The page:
Wisconsin automating health care information
- By Dibya Sarkar
- Nov 04, 2005
Wisconsin Gov. Jim Doyle signed an executive order Nov. 2 establishing a new board to develop a plan to automate all health care information systems in the state by 2010.
“The field of medicine has yet to harness the power of information technology at the most important point in the health care system -- patient treatment,” Doyle said in a press release.
The eHealth Care Quality and Patient Safety Board “will develop a road map for the private and public sectors to move forward in a coordinated way, develop this capacity for Wisconsin in a way that improves care for the Wisconsin population, and reduce overall health care costs for both the public and private sectors,” he added.
The state spends about $6 billion “on unneeded, or in some cases dangerous, treatment of patients,” according to the press release.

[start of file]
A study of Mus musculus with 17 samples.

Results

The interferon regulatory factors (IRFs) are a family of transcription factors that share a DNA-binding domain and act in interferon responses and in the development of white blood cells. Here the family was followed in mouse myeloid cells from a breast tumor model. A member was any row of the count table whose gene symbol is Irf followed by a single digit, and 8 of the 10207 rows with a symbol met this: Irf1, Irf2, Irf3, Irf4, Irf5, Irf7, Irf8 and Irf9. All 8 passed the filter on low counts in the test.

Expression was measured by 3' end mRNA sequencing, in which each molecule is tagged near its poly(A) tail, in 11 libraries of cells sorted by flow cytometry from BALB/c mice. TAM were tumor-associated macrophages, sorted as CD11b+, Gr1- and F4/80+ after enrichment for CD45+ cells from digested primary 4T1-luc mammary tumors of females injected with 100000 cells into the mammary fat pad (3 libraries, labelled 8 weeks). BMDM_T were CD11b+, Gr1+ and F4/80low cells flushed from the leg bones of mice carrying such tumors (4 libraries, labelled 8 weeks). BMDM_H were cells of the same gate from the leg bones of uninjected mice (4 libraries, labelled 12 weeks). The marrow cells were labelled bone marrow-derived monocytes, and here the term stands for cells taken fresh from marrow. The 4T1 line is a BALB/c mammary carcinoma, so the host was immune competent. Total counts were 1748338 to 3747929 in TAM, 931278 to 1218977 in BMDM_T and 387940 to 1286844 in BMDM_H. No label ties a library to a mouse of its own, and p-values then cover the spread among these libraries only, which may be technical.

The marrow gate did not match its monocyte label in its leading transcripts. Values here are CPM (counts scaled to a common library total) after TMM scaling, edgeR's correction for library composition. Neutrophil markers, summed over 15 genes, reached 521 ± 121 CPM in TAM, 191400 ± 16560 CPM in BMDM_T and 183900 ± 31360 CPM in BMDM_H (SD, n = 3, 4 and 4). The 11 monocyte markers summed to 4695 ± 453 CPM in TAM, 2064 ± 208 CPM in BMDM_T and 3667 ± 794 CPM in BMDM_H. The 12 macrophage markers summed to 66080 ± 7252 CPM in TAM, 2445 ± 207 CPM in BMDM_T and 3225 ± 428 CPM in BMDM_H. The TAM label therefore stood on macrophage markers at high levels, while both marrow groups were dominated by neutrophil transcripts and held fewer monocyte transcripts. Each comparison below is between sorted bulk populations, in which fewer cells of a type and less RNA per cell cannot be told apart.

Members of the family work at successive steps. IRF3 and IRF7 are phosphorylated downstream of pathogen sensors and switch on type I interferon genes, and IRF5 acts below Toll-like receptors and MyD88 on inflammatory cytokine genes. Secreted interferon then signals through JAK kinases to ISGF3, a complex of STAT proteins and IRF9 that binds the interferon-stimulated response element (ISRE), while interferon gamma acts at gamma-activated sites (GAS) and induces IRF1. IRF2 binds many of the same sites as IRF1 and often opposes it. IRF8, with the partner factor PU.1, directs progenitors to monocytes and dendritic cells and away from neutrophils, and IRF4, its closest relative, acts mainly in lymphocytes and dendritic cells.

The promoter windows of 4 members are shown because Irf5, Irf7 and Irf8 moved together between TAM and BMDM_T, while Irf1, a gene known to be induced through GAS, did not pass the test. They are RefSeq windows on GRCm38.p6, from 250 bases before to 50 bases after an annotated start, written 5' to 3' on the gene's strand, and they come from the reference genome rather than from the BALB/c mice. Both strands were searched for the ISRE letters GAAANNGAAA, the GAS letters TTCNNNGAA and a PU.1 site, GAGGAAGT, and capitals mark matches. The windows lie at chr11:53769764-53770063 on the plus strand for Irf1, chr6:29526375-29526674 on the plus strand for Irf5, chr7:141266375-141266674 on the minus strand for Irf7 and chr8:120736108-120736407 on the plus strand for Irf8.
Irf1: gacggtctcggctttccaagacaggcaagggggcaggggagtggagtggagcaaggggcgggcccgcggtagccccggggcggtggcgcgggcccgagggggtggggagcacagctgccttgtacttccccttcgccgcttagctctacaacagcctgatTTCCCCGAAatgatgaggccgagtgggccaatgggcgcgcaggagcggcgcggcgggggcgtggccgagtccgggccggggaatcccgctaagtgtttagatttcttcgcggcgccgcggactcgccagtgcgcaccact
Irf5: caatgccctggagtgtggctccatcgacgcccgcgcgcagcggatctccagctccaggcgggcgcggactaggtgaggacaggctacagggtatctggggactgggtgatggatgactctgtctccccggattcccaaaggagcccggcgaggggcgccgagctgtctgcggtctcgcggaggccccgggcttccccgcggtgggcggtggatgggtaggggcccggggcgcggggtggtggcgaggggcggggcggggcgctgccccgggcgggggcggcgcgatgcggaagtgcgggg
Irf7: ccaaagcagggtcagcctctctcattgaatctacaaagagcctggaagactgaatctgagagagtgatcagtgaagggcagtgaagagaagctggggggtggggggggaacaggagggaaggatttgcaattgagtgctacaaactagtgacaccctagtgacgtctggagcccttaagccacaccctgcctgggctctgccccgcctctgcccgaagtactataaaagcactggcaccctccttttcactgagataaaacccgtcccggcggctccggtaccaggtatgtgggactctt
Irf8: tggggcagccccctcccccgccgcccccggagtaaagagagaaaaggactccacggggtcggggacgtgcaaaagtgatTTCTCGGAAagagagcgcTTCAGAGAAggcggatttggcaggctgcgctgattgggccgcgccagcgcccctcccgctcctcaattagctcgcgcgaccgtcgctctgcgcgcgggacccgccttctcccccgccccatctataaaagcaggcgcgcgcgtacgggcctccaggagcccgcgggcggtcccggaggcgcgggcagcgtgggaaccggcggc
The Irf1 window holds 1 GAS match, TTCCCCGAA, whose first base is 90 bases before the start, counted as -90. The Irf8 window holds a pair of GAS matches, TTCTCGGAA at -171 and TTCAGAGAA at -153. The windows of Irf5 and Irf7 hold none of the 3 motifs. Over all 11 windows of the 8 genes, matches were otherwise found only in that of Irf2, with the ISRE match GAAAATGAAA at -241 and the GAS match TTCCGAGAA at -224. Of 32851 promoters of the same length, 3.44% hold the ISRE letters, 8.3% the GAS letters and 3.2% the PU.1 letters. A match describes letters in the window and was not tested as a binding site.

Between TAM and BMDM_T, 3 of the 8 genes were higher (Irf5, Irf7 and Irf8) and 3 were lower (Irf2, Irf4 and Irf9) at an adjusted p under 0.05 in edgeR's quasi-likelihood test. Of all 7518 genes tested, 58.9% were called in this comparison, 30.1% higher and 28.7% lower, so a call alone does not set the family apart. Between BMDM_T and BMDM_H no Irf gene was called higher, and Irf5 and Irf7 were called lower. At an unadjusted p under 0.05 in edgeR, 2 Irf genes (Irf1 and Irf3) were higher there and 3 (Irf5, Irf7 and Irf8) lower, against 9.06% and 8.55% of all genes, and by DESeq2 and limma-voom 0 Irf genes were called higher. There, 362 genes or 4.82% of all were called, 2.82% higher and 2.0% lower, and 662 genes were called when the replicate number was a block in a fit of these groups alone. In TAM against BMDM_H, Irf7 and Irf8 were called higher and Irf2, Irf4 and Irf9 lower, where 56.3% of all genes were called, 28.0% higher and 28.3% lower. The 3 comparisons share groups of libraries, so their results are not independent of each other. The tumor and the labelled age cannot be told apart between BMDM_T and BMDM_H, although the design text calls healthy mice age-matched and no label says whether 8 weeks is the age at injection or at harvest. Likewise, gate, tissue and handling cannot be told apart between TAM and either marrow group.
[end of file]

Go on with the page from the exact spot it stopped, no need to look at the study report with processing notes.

According to Executive Order 129, the board will develop recommendations for:
• Identifying current electronic health resources, including funding.
• Identifying technologies, including benefits and shortcomings, for developing a statewide integrated and interoperable infrastructure.
• Serving consumer health information needs.
• Providing privacy and security in electronic health information exchange.
• Assisting in the adoption of electronic standards to enable information exchange statewide and nationally.
• Establishing organizational and governance structures for the statewide infrastructure.
The board, which will solicit opinions from health care executives, technology experts and others, is expected to provide detailed recommendations and a timetable to achieve them over the next five years. The board will report its activities annually to the governor.
The federal government recently unveiled a national health IT initiative, which includes forming an expert panel to assess the current state of electronic health records adoption, developing and distributing guidelines for electronic health records adoption, designing surveys to measure the adoption and creating an annual report. President Bush has called for widespread adoption of electronic health records by 2014.